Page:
New recommendations from various health groups say that children under 5 years old should not be given plant-based milk or milk made from rice, oats, coconut, and other blends.
On Wednesday, September 18, 2019, “Healthy Drinks, Health Kids,” a project by Health Eating Research, a national program of the Robert Wood Johnson Foundation in the United States, published a new set of recommendations of what children should drink in their first years of life. The guidelines were reached through consensus by four organizations: the Academy of Nutrition and Dietetics, the American Academy of Pediatric Dentists, the American Academy of Pediatrics, and the American Heart Association.
According to groups’ recommendations, children under age 5 years should not drink plant-based milk because it lacks the nutrients they need for early development, such as vitamin D and calcium. Fortified soy milk is the only plant-based milk recognized as an acceptable substitute for dairy milk, says a fact sheet from Healthy Drinks, Healthy Kids.ADVERTISEMENT - CONTINUE READING BELOW
“In the last five to 10 years there has been an explosion of interest in plant-based milk,” Megan Lott, deputy director of Healthy Eating Research, who also helped in developing the guidelines, said, as CNN reports. “More and more parents are turning to them for a variety of reasons, and there’s a misconception that they are equal somehow to cow or dairy milk, but that’s just not the case.”CONTINUE READING BELOWRecommended Videos
However, these guidelines do not apply to children who are allergic to dairy or cow milk, lactose intolerant, or observing certain religious rules or a vegan diet at home. In this case, parents may consider giving their child unsweetened and fortified plant-based milk. But before giving these beverages, make sure to talk to your doctor to find out which milk substitute you can use to make sure your child’s nutritional needs are met.ADVERTISEMENT - CONTINUE READING BELOW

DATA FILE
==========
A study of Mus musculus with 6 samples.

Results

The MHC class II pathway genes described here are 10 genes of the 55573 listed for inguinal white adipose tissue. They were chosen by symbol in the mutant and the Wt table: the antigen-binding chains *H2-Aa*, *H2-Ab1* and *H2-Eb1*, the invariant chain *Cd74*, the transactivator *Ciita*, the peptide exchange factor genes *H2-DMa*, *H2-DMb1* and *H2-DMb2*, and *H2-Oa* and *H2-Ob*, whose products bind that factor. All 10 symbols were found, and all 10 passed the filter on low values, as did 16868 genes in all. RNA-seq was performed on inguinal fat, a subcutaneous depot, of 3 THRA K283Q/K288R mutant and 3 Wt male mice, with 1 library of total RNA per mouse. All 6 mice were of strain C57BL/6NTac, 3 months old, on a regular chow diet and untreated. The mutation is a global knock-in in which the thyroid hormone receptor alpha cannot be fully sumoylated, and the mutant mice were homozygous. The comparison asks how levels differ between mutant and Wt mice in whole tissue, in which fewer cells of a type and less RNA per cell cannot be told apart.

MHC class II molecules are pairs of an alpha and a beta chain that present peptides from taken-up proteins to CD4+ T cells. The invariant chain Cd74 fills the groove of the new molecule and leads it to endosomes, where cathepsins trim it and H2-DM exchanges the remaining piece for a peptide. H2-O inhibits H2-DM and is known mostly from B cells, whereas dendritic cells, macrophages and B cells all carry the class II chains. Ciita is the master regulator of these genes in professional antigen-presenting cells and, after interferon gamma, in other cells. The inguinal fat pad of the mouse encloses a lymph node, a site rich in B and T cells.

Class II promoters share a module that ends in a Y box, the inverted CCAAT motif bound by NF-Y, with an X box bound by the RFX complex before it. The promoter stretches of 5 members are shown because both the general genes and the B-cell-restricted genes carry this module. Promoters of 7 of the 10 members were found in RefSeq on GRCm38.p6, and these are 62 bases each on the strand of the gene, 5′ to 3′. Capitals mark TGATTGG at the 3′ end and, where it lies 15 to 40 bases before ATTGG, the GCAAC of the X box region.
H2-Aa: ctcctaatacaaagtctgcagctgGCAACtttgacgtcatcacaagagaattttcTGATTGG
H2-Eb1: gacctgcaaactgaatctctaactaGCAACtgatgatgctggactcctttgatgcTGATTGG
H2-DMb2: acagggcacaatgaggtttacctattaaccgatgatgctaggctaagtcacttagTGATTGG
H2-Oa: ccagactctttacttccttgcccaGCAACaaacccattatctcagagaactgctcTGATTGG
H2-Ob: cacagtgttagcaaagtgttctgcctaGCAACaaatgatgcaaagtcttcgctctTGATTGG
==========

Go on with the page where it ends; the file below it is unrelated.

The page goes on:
Other drinks children should avoid
The recommendations also cite other beverages to avoid for children ages 5 years and below. These include flavored milk (e.g. chocolate milk, strawberry milk), “transition or weaning” formulas (sometimes called toddler milk, growing up milk, or follow up formulas), low-calorie sweetened drinks (e.g., ‘diet’ or ‘light’ drinks), sugar-sweetened drinks (e.g., fruit drinks, soda, sports drinks), and drinks with caffeine (e.g., soda, coffee, tea, energy drinks).
Lott shared, “We are finding more and more of these artificial sweeteners showing up in food marketed to young children, and there is no research on these substitutes that show they cause harm, but there’s really no research showing that they are safe.”
Healthy Drinks, Healthy Kids also discussed several guidelines regarding plain, pasteurized cow’s milk with no added caloric sweeteners, low-calorie sweeteners, or flavorings. Varieties of this beverage include whole milk, reduced-fat (2%), low-fat (1%), and skim (fat-free).ADVERTISEMENT - CONTINUE READING BELOW
The recommendations for milk are the following:
- Infants less than 12 months old should only drink breast milk or infant formula.
- Children 12 to 24 months old can be introduced to plain, pasteurized cow’s milk. If there is a family history of obesity or heart disease, reduced-fat or low-fat milk may be considered in consultation with a pediatrician. The recommended amount is 2-3 cups a day.
- At 2 years of age, children should transition to plain, pasteurized fat-free (skim) or low-fat (1%) milk. The recommended amount is 2 cups a day for children ages 2 to 3 years and up to 2.5 cups a day for children ages 4 to 5 years.
Again, milk should be served in a cup and only during meals or snacks. If your child likes to carry a covered cup or sippy cup wherever she goes, the group recommends that the best drink to have in it is water.